LONDON – Tippecanoe turned its size disadvantage into an advantage all season, winning with flair and big plays at the right time. Then came Bloom-Carroll.
The Bulldogs were more like Huskies across the offensive line in Friday night’s Division III state semifinal. They ranged from 250 to 330 pounds and averaged out at 282.5. And the running backs that hooked their sleds to to guys with numbers like 67 and 75, plowed through tacklers for extra yards and moved piles like a rugby scrum.
Tipp did its best to stand its ground, but the ground kept giving way and Bloom-Carroll gained all of its 420 yards on the ground to end the best season in Tipp history with a 35-12 victory.
“We knew coming in that we were going to have to move our guys around; we couldn’t just go toe to toe,” Tipp coach Matt Burgbacher said.
Bloom-Carroll (14-1) has been winning toe-to-toe battles all season and will play Canfield (13-1) in the state final next Friday in Canton. Big dog running backs Dylan Armentrout (31 carries for 251 yards) and Andrew Marshall (17 carries for 124 yards) were a constant threat to gain a first down.
Tipp (13-2), however, was able to do what it wanted on offense by spreading out the Bulldogs and taking advantage of their speed. The Red Devils opened with a balanced drive but fumbled at the 2-yard line. The Bulldogs went 98 yards for a 7-0 lead on Armentrout’s 8-yard run.
Tipp started another drive but another fumble led to a 65-yard drive and an Armentrout 7-yard TD run for a 14-0 lead. Tipp answered on quarterback Liam Poronsky’s 5-yard run, but the Bulldogs bulled up the middle to block the first of two Jackson Kleather extra-point tries.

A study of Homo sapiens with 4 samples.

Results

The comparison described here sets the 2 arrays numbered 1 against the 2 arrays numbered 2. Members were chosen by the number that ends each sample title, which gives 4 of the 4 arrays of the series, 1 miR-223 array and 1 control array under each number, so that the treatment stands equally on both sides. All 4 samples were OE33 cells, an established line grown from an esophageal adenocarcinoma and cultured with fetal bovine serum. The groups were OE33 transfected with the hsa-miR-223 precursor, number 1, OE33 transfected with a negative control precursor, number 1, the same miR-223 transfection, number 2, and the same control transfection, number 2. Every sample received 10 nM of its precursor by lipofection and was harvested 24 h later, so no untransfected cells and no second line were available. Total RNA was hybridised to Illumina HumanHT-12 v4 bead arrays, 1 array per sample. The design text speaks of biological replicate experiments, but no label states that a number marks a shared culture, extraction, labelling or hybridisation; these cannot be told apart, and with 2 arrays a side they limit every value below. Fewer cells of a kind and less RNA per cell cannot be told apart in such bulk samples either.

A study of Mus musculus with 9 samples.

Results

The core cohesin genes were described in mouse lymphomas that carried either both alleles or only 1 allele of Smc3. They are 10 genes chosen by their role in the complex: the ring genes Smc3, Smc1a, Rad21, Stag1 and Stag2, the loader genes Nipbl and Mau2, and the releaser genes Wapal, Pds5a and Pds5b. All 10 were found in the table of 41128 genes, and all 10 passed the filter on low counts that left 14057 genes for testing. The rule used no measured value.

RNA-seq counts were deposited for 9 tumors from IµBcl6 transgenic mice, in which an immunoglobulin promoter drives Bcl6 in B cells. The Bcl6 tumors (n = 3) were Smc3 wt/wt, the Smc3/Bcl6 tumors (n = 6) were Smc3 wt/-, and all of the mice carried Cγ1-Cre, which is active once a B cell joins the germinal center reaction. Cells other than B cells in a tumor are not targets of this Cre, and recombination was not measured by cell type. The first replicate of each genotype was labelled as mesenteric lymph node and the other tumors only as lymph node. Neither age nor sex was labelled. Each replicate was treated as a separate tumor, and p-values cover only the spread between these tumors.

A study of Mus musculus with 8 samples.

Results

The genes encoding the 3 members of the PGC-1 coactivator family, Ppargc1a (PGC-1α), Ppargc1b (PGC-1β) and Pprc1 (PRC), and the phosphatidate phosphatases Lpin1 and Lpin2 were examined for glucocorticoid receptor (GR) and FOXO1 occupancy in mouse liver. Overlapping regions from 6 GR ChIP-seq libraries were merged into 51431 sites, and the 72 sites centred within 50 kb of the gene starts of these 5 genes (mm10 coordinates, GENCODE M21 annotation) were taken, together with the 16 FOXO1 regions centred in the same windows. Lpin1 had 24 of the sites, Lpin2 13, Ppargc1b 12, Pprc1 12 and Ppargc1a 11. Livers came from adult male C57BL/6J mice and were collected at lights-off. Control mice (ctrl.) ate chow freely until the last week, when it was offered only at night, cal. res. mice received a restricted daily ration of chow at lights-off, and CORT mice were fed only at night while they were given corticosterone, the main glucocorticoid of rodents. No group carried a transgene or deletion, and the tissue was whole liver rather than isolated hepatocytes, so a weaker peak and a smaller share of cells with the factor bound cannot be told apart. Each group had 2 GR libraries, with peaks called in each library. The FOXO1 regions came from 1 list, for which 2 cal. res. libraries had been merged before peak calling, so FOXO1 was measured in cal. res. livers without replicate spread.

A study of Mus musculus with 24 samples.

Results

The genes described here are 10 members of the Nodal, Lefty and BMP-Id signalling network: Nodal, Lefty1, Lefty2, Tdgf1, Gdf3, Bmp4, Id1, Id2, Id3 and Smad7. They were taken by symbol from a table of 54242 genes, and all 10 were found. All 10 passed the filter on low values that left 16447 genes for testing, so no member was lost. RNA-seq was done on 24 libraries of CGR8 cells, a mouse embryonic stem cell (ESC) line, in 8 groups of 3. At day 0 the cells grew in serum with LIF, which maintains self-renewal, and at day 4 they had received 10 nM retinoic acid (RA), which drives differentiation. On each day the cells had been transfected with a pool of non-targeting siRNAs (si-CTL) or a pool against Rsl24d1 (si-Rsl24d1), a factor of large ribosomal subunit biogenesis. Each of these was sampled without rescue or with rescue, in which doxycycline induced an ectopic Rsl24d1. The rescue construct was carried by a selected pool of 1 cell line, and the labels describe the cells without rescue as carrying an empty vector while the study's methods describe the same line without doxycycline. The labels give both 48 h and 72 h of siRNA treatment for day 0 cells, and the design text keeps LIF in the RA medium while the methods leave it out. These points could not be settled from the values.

“We stopped ourselves. They didn’t stop us,” said Poronsky, who completed 22 of 29 passes for 231 yards and threw one interception. “The only time they stopped us was when there were 20 seconds left in the half.”
Tipp trailed 21-6 at halftime and the Bulldogs opened the second half with a 75-yard touchdown run by Armentrout for a 28-6 lead.
The deepest run in Tipp playoff history meant a lot to Poronsky and his teammates, especially because with only two starters back from the previous season people outside the team didn’t give them much of a chance.
“We accomplished a lot and I had high goals for our team coming in,” Poronsky said. “Being able to rally these guys to be able to do what we sought out is amazing. And the support from the whole community it’s unheard of here at Tipp. Our goal was to be the one to leave that legacy. And we’ve done that.”